Sustainable Development & Nuclear Power
Table of Contents Table of Contents
Introduction Introduction
The Energy Challenge The Energy Challenge
Nuclear Power Facts Nuclear Power Facts
Nuclear Power Advantages Nuclear Power Advantages

Conclusion Conclusion
The Salient Points The Salient Points
Annex I Annex I:  The DECADES Project
Annex II Annex II:  Nuclear Power Case Studies

Annex I


A large number of factors influence decision making in the energy sector. To assist energy planners, the IAEA has over the years carried out comparative assessments of alternative energy sources, covering a broad range of technical, economic and environmental factors. Extensive databases and computer tools are employed to allow full energy chain analyses so that elements beyond the direct power generation stage can be examined.

To bring together expertise from a wide range of necessary scientific and technical disciplines and to promote international co-operation in energy assessments, a joint multi-organization project on Databases and Methodologies for Comparative Assessment of Different Energy Sources for Electricity Generation (DECADES) was established in 1992 when nine international bodies joined efforts to strengthen comparative assessment capabilities for the electricity sector (Box A1). The information sharing and exchange that takes place allows the alternative energy sources to be treated consistently and objectively.

The project's initial phase (19921996) focused on establishing databases and developing analytical tools with concurrent training and support to developing countries to carry out comparative assessment studies. The current emphasis is on improving the database and software tools while increasing technical support activities through national case studies [Fig.: DECADES Project Structure].

Box A1


European Commission (EC)
Economic and Social Commission for Asia and the Pacific (ESCAP)
International Atomic Energy Agency (IAEA)
International Bank for Reconstruction and Development (World Bank)
International Institute for Applied Systems Analysis (IIASA)
Nuclear Energy Agency of the OECD (OECD/NEA)
Organization of the Petroleum Exporting Countries (OPEC)
United Nations Industrial Development Organization (UNIDO)
World Meteorological Organization (WMO)

Other international organizations, such as the United Nations Environment Programme (UNEP) and the World Health Organization (WHO), are contributing witin their area of expertise and the International Energy Agency (IAEA) of the OECD is an observer.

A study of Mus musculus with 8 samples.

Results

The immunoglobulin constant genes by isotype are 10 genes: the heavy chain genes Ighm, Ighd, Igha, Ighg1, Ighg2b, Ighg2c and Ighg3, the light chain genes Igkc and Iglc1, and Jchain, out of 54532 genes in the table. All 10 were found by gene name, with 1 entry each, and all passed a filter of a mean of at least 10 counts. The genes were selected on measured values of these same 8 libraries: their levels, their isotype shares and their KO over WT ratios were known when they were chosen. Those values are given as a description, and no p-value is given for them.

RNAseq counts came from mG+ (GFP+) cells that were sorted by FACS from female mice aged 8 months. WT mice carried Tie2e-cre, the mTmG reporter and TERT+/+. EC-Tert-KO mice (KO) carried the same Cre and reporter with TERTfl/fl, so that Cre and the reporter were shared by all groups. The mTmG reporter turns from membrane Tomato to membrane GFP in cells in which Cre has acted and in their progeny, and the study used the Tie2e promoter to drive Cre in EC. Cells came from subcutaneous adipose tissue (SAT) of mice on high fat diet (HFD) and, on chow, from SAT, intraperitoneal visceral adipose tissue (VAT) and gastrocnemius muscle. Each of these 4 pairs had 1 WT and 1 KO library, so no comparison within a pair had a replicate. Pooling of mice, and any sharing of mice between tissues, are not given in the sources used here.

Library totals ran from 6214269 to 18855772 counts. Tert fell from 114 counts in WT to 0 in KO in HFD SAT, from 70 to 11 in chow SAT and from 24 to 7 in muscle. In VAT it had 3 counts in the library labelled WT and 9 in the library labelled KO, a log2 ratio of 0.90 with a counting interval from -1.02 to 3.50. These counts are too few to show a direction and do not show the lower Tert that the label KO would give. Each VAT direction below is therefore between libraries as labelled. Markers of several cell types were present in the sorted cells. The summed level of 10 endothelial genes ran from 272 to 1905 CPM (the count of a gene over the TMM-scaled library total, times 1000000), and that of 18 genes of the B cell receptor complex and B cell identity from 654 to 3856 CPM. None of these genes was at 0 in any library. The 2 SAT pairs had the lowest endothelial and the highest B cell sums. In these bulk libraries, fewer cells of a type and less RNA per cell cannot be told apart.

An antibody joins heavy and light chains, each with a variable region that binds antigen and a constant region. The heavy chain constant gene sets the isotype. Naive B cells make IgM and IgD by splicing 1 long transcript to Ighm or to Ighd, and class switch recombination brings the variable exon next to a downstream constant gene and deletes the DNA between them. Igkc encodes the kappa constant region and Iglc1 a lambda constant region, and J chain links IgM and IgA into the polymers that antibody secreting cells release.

Three databases provide comprehensive and consistent information on energy chains for electricity generation.

The Reference Technology Database (RTDB) contains a harmonized set of technical, economic and environmental data on fossil fuel, nuclear power and renewable energy chains for electricity generation. It covers the various fuel chain stages from energy source extraction to waste disposal. A total of three hundred technological systems are characterized through parameters covering technical performance, costs, atmospheric releases, wastes and other environmental factors.

The Country Specific Database (CSDB) with a structure similar to the RTDB contains national and regional data not stored in the RTDB that can be used to carry out case studies with the DECADES analytical software or other national planning tools. Some 25 countries have developed a CSDB that covers a total of more than 2500 electricity generating technologies.

The Health and Environmental Impact of Energy Systems (HEIES) database covers power plant and fuel chain impacts. Data based on direct measurements or modelling techniques are collected from the available literature and from case studies.

Analytical Software

The DECADES analytical software provides tools for carrying out decision support studies. The software allows access to the RTDB and CSDB databases to carry out cost and environmental analyses at power plant, electric system and energy chain levels. It is user friendly with short running times and extensive reporting capabilities for optimizing electricity generation system expansion strategies over several decades.

Case Studies

Twenty national case studies were carried out during the project's initial phase, supported by the IAEA co-ordinated research programme. The studies identified electricity generation strategies that could meet environmental protection objectives, particularly cost effective reduction of atmospheric emissions. They indicated that significant emission reductions could be obtained through energy chain efficiency improvements, such as during fuel conversion and transportation, and by promoting co-generation, particularly where distribution networks already exist for district heating. Adding pollution control technologies to existing power plants was often also a cost effective measure for mitigating environmental impacts. Nuclear power was clearly a cost effective option for reducing CO2, and particularly SO2 and NOx emissions, in lieu of costly abatement procedures.